Ecocriticism investigates relationships between literature and the physical
environment it provides an ‘earth-centered’ approach to literary studies. It
draws attention to the human and non-human world, particularly to
connections between self, society, nature, and texts. It investigates the ways
in which writers represent different environments in literature and how this
influences real-world attitudes to place.
The principles of ecocriticism are drawn from:

Ecology and Ethics
What are the relations between language and culture? How do organisms
create and sustain complex social alliances? What complex interrelated
networks are apparent in texts? How might we recognize the nonlinear and
discontinuous order of things? How are social (and environmental) conflicts
mediated? How might the discourses of science and literature talk to each other
in texts?

Language and Criticism
How do words represent human and nonhuman life? What is the quality and
the integrity of the work?
Instead of looking for language ‘to represent’ (mimesis), ecocriticism
examines the ability of language ‘to point’ (deixis). In grammatical terms,
‘space deixis’ is concerned with the spatial locations relevant to an utterance
where places and things are identified by their distance from the speaker – for
example, the adverbs ‘here’ and ‘there’, the demonstratives ‘this’ and ‘that’,
and the adverbial phrases ‘across the street’ or ‘around the corner’. In
broader literary terms, we can ask how does the text point to or draw attention
to place? In particular, how does it draw attention to aspects of a place that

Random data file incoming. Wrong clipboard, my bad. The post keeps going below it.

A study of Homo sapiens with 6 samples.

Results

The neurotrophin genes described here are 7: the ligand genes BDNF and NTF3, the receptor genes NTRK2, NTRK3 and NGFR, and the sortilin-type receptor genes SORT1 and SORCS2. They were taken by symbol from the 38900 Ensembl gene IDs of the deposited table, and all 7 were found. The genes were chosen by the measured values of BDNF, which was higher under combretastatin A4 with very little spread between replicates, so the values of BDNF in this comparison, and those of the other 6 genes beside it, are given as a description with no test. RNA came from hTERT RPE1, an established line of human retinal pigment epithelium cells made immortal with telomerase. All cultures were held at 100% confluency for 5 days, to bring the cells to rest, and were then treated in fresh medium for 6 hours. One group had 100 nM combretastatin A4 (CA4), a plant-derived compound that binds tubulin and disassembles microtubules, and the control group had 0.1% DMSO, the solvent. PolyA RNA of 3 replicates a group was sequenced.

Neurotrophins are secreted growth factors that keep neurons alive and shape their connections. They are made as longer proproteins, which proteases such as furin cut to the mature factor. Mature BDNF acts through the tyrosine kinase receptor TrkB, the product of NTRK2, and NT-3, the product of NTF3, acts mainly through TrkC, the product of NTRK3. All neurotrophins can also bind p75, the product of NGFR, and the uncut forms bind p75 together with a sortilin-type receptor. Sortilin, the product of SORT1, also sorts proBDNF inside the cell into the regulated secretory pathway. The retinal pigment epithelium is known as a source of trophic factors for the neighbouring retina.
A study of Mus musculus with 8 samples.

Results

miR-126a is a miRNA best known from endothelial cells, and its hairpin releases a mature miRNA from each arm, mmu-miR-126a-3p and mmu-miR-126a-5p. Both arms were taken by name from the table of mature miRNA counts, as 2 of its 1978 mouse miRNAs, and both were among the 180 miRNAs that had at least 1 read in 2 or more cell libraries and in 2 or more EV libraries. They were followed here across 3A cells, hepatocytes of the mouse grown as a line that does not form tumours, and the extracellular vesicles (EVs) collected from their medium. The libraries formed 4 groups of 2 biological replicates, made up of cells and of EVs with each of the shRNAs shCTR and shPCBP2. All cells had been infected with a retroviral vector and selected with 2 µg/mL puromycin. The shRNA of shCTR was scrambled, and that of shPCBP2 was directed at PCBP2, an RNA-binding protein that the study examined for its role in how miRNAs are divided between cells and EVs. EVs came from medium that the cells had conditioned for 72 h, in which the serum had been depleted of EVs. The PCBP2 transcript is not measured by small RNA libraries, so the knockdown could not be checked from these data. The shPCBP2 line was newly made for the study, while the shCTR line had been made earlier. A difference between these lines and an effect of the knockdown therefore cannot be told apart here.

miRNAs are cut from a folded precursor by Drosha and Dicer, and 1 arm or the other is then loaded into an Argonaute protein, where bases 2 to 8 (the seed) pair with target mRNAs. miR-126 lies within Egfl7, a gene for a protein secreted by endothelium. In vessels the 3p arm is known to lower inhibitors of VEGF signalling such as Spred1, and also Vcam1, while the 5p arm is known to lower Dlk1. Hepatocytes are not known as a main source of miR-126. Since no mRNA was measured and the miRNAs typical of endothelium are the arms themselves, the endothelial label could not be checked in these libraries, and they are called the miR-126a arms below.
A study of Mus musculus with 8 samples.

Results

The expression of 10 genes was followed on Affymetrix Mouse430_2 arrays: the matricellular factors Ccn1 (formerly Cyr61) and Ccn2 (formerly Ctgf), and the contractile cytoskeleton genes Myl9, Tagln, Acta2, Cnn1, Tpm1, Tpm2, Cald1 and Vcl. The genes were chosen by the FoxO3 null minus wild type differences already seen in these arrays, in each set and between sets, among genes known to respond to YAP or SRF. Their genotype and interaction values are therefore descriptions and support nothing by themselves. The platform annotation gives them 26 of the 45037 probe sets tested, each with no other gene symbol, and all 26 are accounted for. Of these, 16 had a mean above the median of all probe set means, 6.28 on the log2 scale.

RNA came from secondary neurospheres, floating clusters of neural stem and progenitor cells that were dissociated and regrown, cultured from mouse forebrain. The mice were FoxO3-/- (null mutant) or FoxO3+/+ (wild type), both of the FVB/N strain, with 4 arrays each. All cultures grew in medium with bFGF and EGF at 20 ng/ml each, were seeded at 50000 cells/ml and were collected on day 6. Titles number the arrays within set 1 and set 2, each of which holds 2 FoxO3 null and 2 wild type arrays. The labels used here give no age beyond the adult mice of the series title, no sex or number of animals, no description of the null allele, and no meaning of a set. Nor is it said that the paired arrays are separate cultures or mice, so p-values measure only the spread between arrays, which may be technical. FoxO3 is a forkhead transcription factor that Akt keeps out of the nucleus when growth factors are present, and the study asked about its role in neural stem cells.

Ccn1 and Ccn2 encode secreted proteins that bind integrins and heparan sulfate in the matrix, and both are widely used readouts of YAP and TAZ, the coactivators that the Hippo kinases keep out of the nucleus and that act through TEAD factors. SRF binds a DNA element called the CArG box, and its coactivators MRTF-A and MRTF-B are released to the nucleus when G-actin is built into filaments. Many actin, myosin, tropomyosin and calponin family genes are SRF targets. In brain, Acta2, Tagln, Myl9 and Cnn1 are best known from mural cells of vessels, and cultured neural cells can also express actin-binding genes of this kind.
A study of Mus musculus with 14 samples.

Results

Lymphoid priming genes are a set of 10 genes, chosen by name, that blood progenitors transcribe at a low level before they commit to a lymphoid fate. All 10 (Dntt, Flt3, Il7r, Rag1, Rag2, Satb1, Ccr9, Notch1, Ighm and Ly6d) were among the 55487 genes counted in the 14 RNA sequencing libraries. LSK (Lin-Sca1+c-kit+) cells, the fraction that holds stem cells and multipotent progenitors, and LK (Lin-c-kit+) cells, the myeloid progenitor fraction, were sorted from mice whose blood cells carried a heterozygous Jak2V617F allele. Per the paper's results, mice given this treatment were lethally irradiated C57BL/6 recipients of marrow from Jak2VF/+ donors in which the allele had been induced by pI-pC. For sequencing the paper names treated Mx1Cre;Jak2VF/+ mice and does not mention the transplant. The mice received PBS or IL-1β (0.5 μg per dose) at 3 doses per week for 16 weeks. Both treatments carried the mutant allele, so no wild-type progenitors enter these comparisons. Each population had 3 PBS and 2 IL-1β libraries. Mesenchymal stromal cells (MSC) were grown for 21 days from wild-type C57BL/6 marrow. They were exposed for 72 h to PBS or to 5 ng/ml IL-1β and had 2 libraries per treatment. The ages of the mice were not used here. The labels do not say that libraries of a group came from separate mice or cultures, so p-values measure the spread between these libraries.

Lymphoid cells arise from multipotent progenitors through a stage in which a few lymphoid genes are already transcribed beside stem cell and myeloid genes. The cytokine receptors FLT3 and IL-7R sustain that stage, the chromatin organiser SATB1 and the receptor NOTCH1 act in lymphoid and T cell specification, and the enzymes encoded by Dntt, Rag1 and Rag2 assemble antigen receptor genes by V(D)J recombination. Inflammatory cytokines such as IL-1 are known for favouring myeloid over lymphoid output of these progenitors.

might otherwise be overlooked or unseen?

Ecocriticism is concerned with locating entities in space, time, and social
context relative to physical space. From an ecocritical perspective, learning
and writing landscape becomes a way of mapping cultural terrain.
Ecocriticism explores how metaphors of nature are used and abused across a
range of literary and non-literary texts. Its strongest advocates have been
feminist and gender critics who focus on the idea of place as shaping social
status and life possibilities. 

Ecocritics argue that in most literary theory, relations between writers, texts, 
and the world are examined, though the ‘world’ is synonymous with the social
sphere of the human. Ecocriticism expands the notion of the world to include
the entire ecosphere. It proceeds on the assumption that everything is
connected to everything else.

The development of ecocriticism has entailed three stages:

Firstly, investigating how nature is represented in texts, and exploring the
stereotypes and absences in texts.
Secondly, recouping nature writing and recognizing the environmental
conditions that may have shaped an author’s life.
Thirdly, developing theoretical approaches for ecocriticism by looking at the
the symbolic construction of species; how binaries of human and others are
constructed in texts; how we might understand the hybrid spaces and
cosmopolitan ironies of most lives; and the development of an ecological
poetics that is attuned to interconnections, energy, and flow;
Ecocriticism works against the alienation of humans from nature. Ecocritics
argues that there is no such thing as an individual, only an individual in
context; no self, only a self in place. They ask: What has counted as the
environment, and what may count? Who marks off the conceptual boundaries
and under what authority and for what reasons?

In contrast to literature that has celebrated human progress, some ecocritical
perspectives attend to the damages that culture has brought about (e.g.
waste, pollution, apocalypse) and others focus on wilderness, animals, and
earth.

Ecocritics encourage us to focus on place and dwelling, inviting us to ‘hunker

down’ in our own locale and pay close attention as we read and write place.